The skills minister was questioned about the new National Careers Service and impartial information, advice and guidance in a live Twitter debate this morning.
John Hayes MP, the first minister from the Department for Business, Innovation and Skills (BIS) to ever take part in a Twitter Q&A, answered questions submitted via the hashtag #AskHayes in 140 characters or less.
“I really enjoyed today’s Q&A and thanks to everyone who participated for making it such a great discussion, it is definitely something I would consider doing again,” Mr Hayes told FE Week.
“I was delighted at the number of responses we received and it shows the depth of passion people have for careers guidance.”
Mr Hayes added: “I wanted to answer everyone’s questions but unfortunately ran out of time.
“If there was anyone I missed out then please do write and I will reply.”
Questions were raised in the session over how a biased or reduced careers advice service, such as from schools with sixth forms, would be monitored and sanctioned by government.
Peter Cobrin, co-founder of Apprenticeships England, tweeted: “What will the Minister do about schools who deny impartial information about alternatives to sixth form study?”
Mr Hayes later replied: “The new law means schools must provide advice that is balanced, including information on vocational options like apprenticeships.”
Similar concerns were voiced by Stephen Exley, a reporter at the Times Educational Supplement (TES), who tweeted: “What stick is there to deter schools with sixth forms offering reduced careers advice to try and keep their students?”
The skills minister reassured Mr Exley that such practice would be against the law.
The new National Careers Service offers an impressive online product, & we expect it to get 20m hits a year! But even more than this, with 3250 locations up & down the country, we estimate 700,000 people will have face-to-face help.
Mr Hayes tweeted: “The new law says schools advice must be independent and impartial.
“What you describe wouldn’t be either.”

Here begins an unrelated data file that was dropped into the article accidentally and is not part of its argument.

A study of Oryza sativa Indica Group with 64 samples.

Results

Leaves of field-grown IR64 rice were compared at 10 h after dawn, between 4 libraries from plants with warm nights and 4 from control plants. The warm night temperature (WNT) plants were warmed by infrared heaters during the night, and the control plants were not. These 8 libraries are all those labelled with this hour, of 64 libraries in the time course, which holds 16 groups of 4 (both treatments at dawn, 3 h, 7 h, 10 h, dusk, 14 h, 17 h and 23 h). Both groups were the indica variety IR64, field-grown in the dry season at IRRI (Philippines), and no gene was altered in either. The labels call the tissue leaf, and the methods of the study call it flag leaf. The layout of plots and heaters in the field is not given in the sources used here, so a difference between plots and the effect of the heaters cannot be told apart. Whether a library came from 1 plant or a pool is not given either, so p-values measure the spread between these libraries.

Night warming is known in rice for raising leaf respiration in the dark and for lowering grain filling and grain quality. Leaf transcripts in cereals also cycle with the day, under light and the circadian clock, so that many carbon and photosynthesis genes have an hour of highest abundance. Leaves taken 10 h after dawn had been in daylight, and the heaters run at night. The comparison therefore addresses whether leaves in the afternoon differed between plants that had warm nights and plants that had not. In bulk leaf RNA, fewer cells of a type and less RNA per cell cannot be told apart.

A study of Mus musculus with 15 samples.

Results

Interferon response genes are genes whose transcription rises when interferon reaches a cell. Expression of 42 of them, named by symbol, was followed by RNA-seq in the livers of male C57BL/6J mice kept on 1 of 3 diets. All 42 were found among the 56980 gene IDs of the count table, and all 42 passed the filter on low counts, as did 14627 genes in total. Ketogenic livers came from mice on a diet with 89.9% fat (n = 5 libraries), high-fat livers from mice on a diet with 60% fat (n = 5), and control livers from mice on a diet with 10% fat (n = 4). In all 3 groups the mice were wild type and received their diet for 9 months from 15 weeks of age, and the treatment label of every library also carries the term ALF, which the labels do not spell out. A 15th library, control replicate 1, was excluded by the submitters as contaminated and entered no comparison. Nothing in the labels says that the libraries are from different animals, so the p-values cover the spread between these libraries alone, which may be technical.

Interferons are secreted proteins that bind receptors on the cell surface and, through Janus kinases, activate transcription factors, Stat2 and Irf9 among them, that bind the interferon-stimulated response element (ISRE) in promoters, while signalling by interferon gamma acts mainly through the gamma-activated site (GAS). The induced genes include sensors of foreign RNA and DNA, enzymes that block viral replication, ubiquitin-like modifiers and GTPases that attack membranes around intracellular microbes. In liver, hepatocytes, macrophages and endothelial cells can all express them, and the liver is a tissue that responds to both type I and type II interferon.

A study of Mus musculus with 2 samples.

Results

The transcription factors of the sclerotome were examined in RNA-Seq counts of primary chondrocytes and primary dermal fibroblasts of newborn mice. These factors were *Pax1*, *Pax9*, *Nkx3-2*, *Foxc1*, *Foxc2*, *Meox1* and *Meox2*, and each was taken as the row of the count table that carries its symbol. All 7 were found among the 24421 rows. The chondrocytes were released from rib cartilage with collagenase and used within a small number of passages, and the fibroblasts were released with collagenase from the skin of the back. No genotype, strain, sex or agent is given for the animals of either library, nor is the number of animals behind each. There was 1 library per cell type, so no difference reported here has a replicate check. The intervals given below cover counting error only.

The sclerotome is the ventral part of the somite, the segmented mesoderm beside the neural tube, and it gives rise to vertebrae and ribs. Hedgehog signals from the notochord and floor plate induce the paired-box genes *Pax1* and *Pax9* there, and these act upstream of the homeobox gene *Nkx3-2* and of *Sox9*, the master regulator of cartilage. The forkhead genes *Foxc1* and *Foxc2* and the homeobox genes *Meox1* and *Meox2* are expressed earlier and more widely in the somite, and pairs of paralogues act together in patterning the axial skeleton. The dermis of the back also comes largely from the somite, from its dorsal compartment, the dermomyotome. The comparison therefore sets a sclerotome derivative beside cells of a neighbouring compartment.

The FE loans system, due to be implemented in the 2013/14 academic year, will affect learners aged 24 or above and studying a course at level 3 or higher.
Steph Hulford asked Mr Hayes whether the National Careers Service would be in charge of explaining the system to potential adult learners.
She tweeted: “How will you sell “loans” to adults already concerned about HE funding, will the new service provide financial info?”
The skills minister replied: “Careers advisors will, as part of the package, offer advice on costs and finance.”
Concerns were also raised by Twitter users over the number of face to face advice and guidance sessions available to users through the National Careers Service.
Pam Hewitt, a self employed CV consultant asked: “As an experienced guidance professional I know people want to talk face to face and discuss their futures, not tap on a keyboard.”
I was delighted at the number of responses we received and it shows the depth of passion people have for careers guidance.
The skills minister responded: “The new National Careers Service offers an impressive online product, & we expect it to get 20m hits a year!
“But even more than this, with 3250 locations up & down the country, we estimate 700,000 people will have face-to-face help.”
The live question and answer session coincided with the launch of the National Careers Service, the replacement for Next Steps which will offer information and advice for both young people and adults.
(Note: If you’re not familiar with Twitter, download our beginner’s guide here.)